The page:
The sailor who opened fire at the Pearl Harbor Naval Shipyard Wednesday, killing two Department of Defense workers and wounding a third, before taking his own life was Machinist’s Mate Auxiliary Fireman Gabriel Antonio Romero.
In a prepared statement emailed to Navy Times on Friday, Pentagon officials indicated that Romero was assigned to the Los Angeles-class attack submarine Columbia, which is homeported in Hawaii and is undergoing dry dock repairs there.
Romero, 22, died from a self-inflicted gunshot wound less than two years after he enlisted in the Navy, officials added.
His deceased victims are Metals Inspector Apprentice Vincent J. Kapoi, 30, and Shop Planner (Nondestructive Testing) Roldan A. Agustin, 49.
A third victim is recovering at a nearby hospital.
Romero joined the Navy out of Texas on Dec. 11, 2017, according to his military records.
After graduating the Recruit Training Command at Great Lakes, Illinois, and Navy Submarine School in Groton, Connecticut, he reported to Columbia on June 28, 2018.
He picked up the pay grade of E-3 on June 16, 2019.
Friday’s active shooter incident in Florida follows a shooting spree that left three people dead on Wednesday at Pearl Harbor Naval Shipyard.
Questions have arisen about the mental state of the gunman in the days leading up to the mass shooting.
Officials have declined to reply to concerns that Romero had sought out counseling and been targeted by an informal hearing tied to non-judicial punishment proceedings before he was provided loaded firearms for guard duty at the submarine.
“That’s all part of the investigation that’s going on right now,” said Rear Adm. Robert B. Chadwick II, the commander of Navy Region Hawaii, during a Friday press conference.
Speaking to reporters, Special Agent in Charge for the NCIS Hawaii Field Office Norm Dominesey called the Pearl Harbor shooting a “senseless act of violence" but vowed to find out what motivated Romero to kill the shipyard workers.
Federal and local law enforcement descending on Dry Dock 2 in the aftermath of the gunfire discovered Romero had shot himself in the head and was dead.
Surrounding the bloodshed were thousands of shipyard workers and all had to be screened by investigators to see if they had any information about the shooting. Witnesses reported that Romero gunned down the three men and then took his own life in the span of only 23 seconds.
Dominesey said the area around the dry dock remains a crime scene and that agents already have searched Romero’s barracks and personal vehicle and have begun sifting through his electronic communications to find a motive for the crime.
He said that there were no indications that Romero was a domestic terrorist and it appears he acted alone, conclusions that were echoed by FBI Special Agent in Charge Eli “Sam” Miranda.
The somber press conference capped what Chief of Naval Operations Adm. Mike Gilday called late Friday “a devastating week for our Navy family.”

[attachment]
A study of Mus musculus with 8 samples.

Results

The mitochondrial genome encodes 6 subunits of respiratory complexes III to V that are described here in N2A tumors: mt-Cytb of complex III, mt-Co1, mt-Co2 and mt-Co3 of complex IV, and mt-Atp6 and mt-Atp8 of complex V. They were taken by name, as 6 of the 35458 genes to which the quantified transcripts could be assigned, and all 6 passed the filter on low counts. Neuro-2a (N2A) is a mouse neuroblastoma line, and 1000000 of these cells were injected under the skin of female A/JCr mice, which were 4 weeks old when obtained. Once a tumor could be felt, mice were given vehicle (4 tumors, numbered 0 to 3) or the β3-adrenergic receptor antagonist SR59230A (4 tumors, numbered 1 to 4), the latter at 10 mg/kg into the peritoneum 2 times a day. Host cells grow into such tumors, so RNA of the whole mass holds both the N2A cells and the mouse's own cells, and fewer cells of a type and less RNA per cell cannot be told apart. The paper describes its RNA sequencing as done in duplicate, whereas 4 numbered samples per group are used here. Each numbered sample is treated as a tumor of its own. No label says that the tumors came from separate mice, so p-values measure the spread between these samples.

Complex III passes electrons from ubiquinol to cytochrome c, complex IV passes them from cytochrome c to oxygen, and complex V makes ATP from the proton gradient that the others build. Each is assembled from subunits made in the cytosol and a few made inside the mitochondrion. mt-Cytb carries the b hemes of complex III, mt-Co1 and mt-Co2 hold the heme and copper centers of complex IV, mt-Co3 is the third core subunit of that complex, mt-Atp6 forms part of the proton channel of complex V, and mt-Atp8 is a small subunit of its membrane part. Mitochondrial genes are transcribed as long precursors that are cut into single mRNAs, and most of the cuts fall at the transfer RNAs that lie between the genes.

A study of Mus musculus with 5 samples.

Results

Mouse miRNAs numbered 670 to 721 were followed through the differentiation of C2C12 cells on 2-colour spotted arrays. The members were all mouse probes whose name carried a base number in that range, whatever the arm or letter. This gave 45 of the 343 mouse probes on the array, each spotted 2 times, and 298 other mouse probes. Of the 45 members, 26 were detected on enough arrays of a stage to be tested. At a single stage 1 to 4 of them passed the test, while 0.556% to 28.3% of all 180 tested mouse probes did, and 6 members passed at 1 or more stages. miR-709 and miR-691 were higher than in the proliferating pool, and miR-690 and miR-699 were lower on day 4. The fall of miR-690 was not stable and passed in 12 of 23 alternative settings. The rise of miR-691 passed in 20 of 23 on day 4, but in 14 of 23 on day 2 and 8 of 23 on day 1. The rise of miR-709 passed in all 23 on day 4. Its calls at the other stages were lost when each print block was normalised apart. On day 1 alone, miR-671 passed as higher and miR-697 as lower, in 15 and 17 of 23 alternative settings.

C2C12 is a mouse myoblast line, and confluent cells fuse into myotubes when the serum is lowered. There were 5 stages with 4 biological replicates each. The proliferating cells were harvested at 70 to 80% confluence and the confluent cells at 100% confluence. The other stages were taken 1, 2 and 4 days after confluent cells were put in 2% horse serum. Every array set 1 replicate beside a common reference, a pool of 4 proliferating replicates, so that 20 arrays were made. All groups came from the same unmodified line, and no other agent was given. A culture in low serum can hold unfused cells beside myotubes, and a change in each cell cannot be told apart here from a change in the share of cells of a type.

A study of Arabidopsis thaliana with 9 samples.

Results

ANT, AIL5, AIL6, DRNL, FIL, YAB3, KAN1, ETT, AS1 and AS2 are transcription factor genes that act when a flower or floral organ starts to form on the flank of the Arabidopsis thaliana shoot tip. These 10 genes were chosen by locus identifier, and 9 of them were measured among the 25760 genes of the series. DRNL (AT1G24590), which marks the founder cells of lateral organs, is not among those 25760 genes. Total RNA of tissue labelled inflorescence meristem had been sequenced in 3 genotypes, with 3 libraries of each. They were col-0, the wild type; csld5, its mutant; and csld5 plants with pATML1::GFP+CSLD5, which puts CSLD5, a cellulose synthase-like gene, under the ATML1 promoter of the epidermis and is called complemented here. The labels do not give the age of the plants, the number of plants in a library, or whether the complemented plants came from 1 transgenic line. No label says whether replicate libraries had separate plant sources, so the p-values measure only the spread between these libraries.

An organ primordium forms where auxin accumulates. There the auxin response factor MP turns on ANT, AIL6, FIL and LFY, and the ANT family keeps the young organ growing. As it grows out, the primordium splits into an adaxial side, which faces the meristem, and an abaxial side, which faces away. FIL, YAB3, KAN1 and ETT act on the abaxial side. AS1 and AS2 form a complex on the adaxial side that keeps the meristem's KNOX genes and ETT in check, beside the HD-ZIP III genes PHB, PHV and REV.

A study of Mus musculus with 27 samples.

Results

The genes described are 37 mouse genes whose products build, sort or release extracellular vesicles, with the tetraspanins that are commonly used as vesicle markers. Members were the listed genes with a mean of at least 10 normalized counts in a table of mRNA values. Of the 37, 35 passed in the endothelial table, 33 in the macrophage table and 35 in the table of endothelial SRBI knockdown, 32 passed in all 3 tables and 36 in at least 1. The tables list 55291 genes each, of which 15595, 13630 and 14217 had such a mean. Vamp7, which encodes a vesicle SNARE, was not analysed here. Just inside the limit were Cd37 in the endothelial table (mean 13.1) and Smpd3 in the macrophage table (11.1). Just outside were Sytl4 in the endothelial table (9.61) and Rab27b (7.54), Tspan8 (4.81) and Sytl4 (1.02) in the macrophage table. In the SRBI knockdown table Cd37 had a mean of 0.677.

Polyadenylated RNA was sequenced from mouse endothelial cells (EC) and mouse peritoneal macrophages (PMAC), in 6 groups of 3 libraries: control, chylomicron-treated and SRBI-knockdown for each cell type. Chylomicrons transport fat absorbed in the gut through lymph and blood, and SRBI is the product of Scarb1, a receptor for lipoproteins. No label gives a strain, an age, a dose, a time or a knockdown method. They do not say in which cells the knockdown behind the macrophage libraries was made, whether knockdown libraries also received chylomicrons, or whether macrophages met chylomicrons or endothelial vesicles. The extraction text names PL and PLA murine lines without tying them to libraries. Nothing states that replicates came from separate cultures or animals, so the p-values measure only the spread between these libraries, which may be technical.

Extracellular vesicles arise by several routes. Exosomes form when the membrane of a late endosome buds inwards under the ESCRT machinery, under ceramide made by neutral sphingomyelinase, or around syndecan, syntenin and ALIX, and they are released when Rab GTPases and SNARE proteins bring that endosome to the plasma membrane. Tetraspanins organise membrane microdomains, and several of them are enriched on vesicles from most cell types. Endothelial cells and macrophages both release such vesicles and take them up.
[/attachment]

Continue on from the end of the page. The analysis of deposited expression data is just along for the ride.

The man authorities say drove a truck through the gate at Virginia’s Joint Expeditionary Base Fort Story before striking a Navy police cruiser and killing a sailor inside on Saturday was expected to be arraigned Friday.
Master-at-Arms 3rd Class Oscar J. Temores was responding to a report of a gate runner around 7:35 p.m. Saturday when his police cruiser was struck head on by a 2004 Chevrolet Silverado pickup driven by Campbell at the intersection of Atlantic Avenue and Leyte Street, the Navy and police said.
Then on Friday morning at Naval Air Station Pensacola, a Saudi Arabian military student preparing to begin aviation training there opened fire in a classroom, killing three victims and injuring eight more before dying in an exchange of gunfire with law enforcement officers, according to state, Pentagon and Escambia County Sheriff’s officials.
The collision took the life of Master-at-Arms 3rd Class Oscar Temores, who was responding to reports of a gate runner at the Virginia Beach base.
“When tragedy hits, as it did today, and Wednesday in Pearl Harbor, it is felt by all,” said Gilday in a prepared statement emailed to Navy Times. "Those who grieve do not do so alone. We grieve together alongside you. We serve together as one team, as one Fleet, as part of one Joint Force.
"As shipmates — uniform and civilian, active and reserve — we must come together to be the strength and support for those who need us now. No one should feel alone. There are many resources available for us all — including counselors, chaplains and mental health professionals. We must look out for each other and take care of one another. That extra effort to extend a hand or lend an ear to those who need help should never be underestimated. It will make a difference.”
Acting Navy Secretary Thomas B. Modly said in an earlier message that the entire Navy and Marine Corps are "struck and deeply saddened by the attacks within our own naval family over the past several days, at Little Creek, Virginia last week, Pearl Harbor, Hawaii on Wednesday, and today in Pensacola, Florida.
"These acts are crimes against all of us. Our prayers are with the families of the fallen and with the wounded. It is our solemn duty to find the causes of such tragic loss and ceaselessly work together to prevent them. Let us make concerted efforts to care for the families of those lost, and those wounded, visibly and not. Let us shepherd them through these first moments of despair, and make them, and our greater Naval family, whole and strong. "
If you, a friend or a loved one is in crisis, please connect with a trained counselor now. Confidential, immediate help is available 24/7 at no cost to active duty, Guard and reserve members, their families and friends. Contact the Military Crisis Line at 800-273-8255, then press 1, or access online chat by texting 838255. Your life matters.
This is a developing story and Navy Times will continue to update this article.